Modern Dance | Nutritional Sciences | Environmental Science | F.R.O.G.S. for our future |
Nursing | International Studies | TCU Press | English | Business
Teams of MBA students get practical experience, companies get talented help.
By Rachel Stowe Master '91
Neeley is putting theory into practice. While MBA students have been involved in ad hoc consulting projects for years, in spring 2007 the business school launched a formal program: Neeley & Associates Consulting, an MBA class that combines coursework with real consulting projects.
The spring class consisted of 22 MBAs who formed six groups to complete consulting work for Amon Carter Museum, Calloway's Nursery, D/FW Airport, Half Price Books, Midmark Corporation/PSS World Medical and Rassai Interactive.
The spring 2008 program includes 20 students divided into five teams. Each team provides about 200 hours of consulting work.
"There is a consulting specific, practical curriculum that is heavily front-end loaded in January," said Ed Riefenstahl, director of experiential learning for graduate programs. "Each team also has a faculty or staff subject matter expert who will provide up to five hours of resource time to the team."
This year, each team will also have a principal – a second-year MBA student who served as a Neeley consultant last year. In addition, TCU alumni from Accenture volunteer time at the beginning of the project as the MBAs formulate their plans.
When students finalize work at semester's end, professional consultants from other firms volunteer time to review the final products and presentations before delivery to clients. Client fees are "extremely reasonable" and students are assigned to projects based on their interest and experience, Riefenstahl said.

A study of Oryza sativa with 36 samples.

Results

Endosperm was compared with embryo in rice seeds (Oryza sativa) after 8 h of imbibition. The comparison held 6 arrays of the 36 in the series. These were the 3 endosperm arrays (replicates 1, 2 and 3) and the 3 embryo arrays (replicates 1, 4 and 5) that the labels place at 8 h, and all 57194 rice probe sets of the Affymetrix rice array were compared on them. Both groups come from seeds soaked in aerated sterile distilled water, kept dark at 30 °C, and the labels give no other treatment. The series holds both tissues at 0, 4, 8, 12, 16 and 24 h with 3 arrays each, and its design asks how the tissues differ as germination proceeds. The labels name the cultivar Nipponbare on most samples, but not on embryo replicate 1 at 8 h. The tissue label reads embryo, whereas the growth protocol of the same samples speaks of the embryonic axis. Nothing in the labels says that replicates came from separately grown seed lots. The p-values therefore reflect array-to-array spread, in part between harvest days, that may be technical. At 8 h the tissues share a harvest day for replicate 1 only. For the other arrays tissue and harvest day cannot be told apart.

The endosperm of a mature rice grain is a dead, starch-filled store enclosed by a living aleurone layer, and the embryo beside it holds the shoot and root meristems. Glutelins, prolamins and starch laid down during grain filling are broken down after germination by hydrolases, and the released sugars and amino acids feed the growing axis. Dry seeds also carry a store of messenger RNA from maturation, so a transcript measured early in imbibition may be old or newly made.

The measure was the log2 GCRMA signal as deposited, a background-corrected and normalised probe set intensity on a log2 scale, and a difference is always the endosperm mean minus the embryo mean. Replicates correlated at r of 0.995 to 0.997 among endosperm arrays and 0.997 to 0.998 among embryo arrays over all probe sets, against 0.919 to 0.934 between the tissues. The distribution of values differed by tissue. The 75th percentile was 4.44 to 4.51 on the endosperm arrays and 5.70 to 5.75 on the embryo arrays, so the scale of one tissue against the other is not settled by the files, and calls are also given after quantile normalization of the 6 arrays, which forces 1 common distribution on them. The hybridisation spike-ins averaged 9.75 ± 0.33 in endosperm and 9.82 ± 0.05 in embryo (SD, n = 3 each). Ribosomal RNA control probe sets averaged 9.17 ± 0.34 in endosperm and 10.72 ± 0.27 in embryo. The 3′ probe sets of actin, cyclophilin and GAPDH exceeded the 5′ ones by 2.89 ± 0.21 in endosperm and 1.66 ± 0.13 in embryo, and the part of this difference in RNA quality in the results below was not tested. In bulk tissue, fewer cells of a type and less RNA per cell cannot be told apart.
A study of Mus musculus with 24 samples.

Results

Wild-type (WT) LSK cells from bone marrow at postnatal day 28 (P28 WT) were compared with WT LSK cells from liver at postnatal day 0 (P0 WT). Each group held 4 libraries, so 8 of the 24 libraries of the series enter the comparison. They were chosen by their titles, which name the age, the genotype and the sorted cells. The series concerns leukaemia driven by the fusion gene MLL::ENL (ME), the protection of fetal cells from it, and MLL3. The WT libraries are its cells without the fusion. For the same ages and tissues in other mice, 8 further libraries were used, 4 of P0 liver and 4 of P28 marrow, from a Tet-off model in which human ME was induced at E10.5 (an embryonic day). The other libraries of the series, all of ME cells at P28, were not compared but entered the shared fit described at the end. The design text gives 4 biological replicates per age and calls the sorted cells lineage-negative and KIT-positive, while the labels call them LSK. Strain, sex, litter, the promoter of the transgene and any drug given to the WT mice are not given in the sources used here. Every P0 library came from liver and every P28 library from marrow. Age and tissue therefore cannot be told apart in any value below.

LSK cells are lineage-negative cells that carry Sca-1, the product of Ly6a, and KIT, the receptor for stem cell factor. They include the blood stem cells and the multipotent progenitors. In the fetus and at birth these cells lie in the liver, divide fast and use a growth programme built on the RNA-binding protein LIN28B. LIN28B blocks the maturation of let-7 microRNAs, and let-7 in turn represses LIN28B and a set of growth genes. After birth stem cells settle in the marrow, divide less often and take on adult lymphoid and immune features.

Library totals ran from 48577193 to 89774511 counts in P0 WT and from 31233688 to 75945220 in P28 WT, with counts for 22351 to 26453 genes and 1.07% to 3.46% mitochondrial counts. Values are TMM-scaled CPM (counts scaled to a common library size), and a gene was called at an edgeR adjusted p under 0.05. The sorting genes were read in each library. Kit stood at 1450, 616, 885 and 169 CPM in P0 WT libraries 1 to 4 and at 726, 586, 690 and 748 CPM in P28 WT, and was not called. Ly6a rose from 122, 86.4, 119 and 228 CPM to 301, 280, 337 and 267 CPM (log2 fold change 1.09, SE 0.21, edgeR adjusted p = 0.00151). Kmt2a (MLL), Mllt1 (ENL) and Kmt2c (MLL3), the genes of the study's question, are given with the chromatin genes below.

Of course ad hoc projects will continue, but the MBA program wants to continue growing Neeley & Associates Consulting.
"I look at the benefit in three ways. One, the students get practical experience and show what they can do," Riefenstahl said, noting there is an official Neeley & Associates seal for students' resumes. "The client gets value for their investment of time and money in fulfilling a need they have. And TCU benefits because we're building relationships with the business community and looking to develop long-term relationships with the organizations we work with on projects."
From the spring '07 class, one Neeley consultant was hired as an intern with the client to help implement the team project."
For information: email@example.com or call 817.257.7531.
Comment about this story at firstname.lastname@example.org
The Neeley School of Business rose to No. 32 out of 196 schools in the BusinessWeek rankings of U.S. undergraduate business programs. Neeley ranked No. 39 last year.
Neeley ranks 4th for Return on Investment for private schools, the highest ranking undergraduate business school in Texas, and 10th for Hardest Working Students, again the highest among Texas undergraduate business schools. Finally, TCU's business school ranks 33rd for undergraduate internships.
Neeley also received the following grades:
Teaching Quality: A
Facilities and Service: A+
Job Placement: A
A company's best customers aren't always the ones who buy the most. A recent study by Robert P. Leone of the M.J. Neeley School of Business found the most valuable customers are the ones providing good word-of-mouth. Instead of relying on mass marketing, the study found businesses would be better served by encouraging existing customers to recommend the product or service to their friends, family and business partners. "The more targeted a company's marketing is, the more efficiently they can spend their marketing dollars," Leone said.
The upside of bad bosses
Having a bad boss doesn't have to bring down an entire office. A recent study in the The Leadership Quarterly revealed that workers are more effective when they agree about their boss – good or bad.
"Even with an ineffective leader exhibiting demotivating behavior, consensus among (workers) helps buffer the leader's negative impact," says the co-author of the study, Michael S. Cole, with the Neeley School of Business. "They can bond over it and laugh about it."